Now mostly just a figure of speech, "battening down the hatches" no longer describes the process of making hatch openings ready for sea. At one time it was necessary to seal a ship's hatches with boards, and canvas tarps held in place by laths (battens) and wedges. Modern day ships have all sorts of steel hatch covers and seals that generally keep the cargo safe and prevent the hull from filling with water. Some ships are even designed to be "hatchless", such as the Oceanex Avalon (see many previous Shipfax references.)
Battens removed, tarps rolled back and hatch boards lifted to gain access to the hold.
(The goélette Rivière-Verte at St-Laurent, Ile d'Orleans, in 1959.)
Nowadays "battening down the hatches" means preparing for a tempest (either a real weather event or some other kind of crisis). So today September 23, in Halifax, there was evidence of such preparations in advance of the arrival tonight of Fiona. Currently a hurricane, it may be down graded to a post tropical storm (but still a dangerous northern hemisphere cyclone) when it makes landfall in our area, then tracks across the province and Gulf of St.Lawrence to the west coast of Newfoundland.
Workers from Develop Nova Scotia, the government agency responsible for waterfront amenities, were busy moving floating docks to safe storage at the Centre for Ocean Ventures and Entrepreneurship (C.O.V.E.) dock in Dartmouth (the former Coast Guard base). High winds and a predicted storm surge would certainly damage these structures and potentially cast them adrift. Develop Nova Scotia closed off most of the waterfront boardwalk to pedestrian access too.
The visiting Irish Navy patrol vessel LÉ James Joyce P62 was tied up at the Tall Ships Quay, a timber pile wharf adjacent to Pier 20. It was decided to move the ship to HMC Dockyard where it will be safer during the storm, and would not risk damage to the dock.
The James Joyce arrived on September 21 and was open to public tours for a time. The tugs Atlantic Willow and Listerville stood by while the ship let go from the pier, which it did by "springing off" - a bit of seamanship rarely seen in these days of bow thrusters and twin screws.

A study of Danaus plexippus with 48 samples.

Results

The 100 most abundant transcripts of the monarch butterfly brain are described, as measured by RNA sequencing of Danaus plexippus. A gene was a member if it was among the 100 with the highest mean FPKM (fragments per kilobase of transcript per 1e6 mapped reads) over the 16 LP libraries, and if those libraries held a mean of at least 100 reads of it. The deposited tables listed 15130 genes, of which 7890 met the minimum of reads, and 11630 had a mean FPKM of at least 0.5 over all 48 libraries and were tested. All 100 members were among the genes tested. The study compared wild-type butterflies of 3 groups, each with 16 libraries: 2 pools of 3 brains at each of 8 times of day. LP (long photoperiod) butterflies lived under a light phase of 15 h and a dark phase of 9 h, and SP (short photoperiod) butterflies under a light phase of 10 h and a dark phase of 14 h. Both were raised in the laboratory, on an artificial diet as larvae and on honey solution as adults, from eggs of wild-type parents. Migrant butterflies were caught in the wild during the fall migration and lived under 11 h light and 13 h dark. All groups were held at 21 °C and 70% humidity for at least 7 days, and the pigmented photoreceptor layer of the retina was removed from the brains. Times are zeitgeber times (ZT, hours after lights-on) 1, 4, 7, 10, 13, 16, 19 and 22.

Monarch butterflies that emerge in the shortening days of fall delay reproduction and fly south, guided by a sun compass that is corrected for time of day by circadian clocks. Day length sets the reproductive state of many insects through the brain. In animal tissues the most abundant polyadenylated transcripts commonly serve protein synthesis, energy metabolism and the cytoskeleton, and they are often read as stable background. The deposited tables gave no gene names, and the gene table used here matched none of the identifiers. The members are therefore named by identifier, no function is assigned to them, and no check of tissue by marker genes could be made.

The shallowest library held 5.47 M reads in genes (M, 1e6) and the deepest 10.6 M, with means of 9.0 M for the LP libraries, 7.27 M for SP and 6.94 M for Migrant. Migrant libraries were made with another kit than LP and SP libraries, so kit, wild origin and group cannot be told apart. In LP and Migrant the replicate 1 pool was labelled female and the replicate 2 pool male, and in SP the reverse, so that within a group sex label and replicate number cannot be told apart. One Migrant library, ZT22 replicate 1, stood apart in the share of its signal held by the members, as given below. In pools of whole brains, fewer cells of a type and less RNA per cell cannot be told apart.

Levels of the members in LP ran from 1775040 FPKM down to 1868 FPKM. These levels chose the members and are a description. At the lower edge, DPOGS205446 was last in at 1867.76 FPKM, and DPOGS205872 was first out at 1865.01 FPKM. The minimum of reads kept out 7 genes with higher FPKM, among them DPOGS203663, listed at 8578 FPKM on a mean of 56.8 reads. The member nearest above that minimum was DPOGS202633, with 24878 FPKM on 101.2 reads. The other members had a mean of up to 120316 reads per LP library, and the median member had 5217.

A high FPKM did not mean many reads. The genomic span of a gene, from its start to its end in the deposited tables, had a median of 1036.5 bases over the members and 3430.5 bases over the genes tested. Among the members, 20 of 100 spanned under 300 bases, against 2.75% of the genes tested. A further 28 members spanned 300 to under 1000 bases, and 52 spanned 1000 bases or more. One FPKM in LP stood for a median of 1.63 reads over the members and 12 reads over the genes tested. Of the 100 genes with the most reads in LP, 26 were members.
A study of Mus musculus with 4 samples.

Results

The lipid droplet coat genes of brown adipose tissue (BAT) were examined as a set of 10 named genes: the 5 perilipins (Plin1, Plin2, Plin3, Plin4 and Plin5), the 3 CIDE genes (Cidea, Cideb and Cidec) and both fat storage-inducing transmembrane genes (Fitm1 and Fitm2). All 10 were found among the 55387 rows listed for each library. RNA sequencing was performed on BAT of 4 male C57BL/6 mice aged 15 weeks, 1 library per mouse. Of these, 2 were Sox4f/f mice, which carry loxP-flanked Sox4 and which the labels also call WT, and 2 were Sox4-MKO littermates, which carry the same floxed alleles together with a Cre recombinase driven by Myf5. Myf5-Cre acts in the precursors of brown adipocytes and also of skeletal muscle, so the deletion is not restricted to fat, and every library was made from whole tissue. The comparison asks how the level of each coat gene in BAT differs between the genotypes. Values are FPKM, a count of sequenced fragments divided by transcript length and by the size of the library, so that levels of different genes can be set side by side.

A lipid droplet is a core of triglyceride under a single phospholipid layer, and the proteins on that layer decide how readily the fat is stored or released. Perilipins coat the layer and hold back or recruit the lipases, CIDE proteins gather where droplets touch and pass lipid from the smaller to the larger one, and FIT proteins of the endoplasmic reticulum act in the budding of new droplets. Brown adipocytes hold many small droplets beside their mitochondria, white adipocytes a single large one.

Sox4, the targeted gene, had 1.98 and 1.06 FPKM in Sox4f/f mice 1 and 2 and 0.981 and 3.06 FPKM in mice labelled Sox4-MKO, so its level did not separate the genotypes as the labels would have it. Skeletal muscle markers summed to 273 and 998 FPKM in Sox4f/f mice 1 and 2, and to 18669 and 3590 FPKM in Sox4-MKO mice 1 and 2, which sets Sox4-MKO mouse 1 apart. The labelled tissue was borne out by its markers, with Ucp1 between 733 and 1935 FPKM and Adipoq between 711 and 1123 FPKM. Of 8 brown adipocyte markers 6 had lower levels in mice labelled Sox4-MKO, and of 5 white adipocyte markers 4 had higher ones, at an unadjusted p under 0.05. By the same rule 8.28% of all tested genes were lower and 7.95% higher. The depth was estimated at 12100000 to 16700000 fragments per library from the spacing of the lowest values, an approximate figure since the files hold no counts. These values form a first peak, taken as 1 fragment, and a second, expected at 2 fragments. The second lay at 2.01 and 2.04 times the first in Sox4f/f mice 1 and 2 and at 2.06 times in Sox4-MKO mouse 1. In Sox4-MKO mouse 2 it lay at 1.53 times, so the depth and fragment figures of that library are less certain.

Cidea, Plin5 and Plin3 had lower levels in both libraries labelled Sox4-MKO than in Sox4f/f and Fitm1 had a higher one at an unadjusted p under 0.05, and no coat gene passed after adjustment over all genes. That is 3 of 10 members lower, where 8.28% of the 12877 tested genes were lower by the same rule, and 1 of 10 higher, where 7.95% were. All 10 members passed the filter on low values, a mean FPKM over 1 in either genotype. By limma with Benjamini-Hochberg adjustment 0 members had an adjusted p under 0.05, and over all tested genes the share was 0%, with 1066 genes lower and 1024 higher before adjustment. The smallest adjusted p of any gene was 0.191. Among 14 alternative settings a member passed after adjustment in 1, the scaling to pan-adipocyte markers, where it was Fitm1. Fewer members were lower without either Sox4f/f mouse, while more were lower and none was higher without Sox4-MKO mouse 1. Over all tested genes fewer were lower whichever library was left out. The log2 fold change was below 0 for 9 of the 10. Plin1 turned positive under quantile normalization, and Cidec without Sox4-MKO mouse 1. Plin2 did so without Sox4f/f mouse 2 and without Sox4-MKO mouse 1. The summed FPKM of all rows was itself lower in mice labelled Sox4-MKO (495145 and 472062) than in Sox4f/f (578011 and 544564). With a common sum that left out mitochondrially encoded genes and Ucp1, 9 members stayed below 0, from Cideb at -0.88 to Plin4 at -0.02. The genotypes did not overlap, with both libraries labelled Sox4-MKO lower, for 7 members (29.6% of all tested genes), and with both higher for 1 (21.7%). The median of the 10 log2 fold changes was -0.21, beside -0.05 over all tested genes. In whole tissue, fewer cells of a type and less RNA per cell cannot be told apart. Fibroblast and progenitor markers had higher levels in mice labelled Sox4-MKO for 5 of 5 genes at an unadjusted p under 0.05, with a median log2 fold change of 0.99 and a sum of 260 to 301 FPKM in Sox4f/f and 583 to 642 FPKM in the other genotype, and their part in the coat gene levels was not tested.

As Listerville makes its way to the Tall Ships Quay, Develop Nova Scotia's work boat moves some floats and the supplier Atlantic Condor is visible in the background at the C.O.V..E dock.
The number of commercial ships in port was at a minimum (see yesterday's post). The last container ship to sail, Conti Crystal got under way around noon time. That left the Oceanex Sanderling and Nolhan Ava anchored in Bedford Basin as the only sizeable commercial vessels remaining in port. The Canadian Coast Guard deployed CCGS Sir William Alexander to the Shelburne area of the south coast and CCGS Jean Goodwill to Sydney in Cape Breton, where they are on standby for Search and Rescue.
That left two ships tied up at piers, namely Atlantic Condor at C.O.V.E and the CCGS Kopit Hopson 1752 at the IEL dock. The latter is the former CCGS Edward Cornwallis currently rebuilding by Irving Shipbuilding Inc. I assume that extra lines have been run to secure these craft during the storm. The barge Scotia Tide is alongside Pier 9 (despite the Harbour Master's requirement that all barges were to be removed moved from Halifax Port Authority berths by noon September 23.)
The yacht clubs and others with waterfront facilities such as the Atlantic Pilotage Authority and Dominion Diving have also "battened down the hatches" in various ways.
Halifax Harbour has experienced several hurricanes during my time, the most severe being Hurricane Juan September 29, 2003 which was a Category 2 when it tracked through the harbour with 150 kph winds (and a gust of 176 kph). Lessons learned by that event, and subsequent ones such as Dorian in 2019, have no doubt guided the preparations for this event.
There were two container ships that remained in port during Juan, and one of the them, the Albert Oldendorff (ex Hoegh Dyke) parted its lines and ran down on the Saudi Tabuk causing damage to both ships and their cargoes. Numerous other vessels sank or were blown aground, at least partly due to inadequate preparations or the impossibility of emergency response during the storm.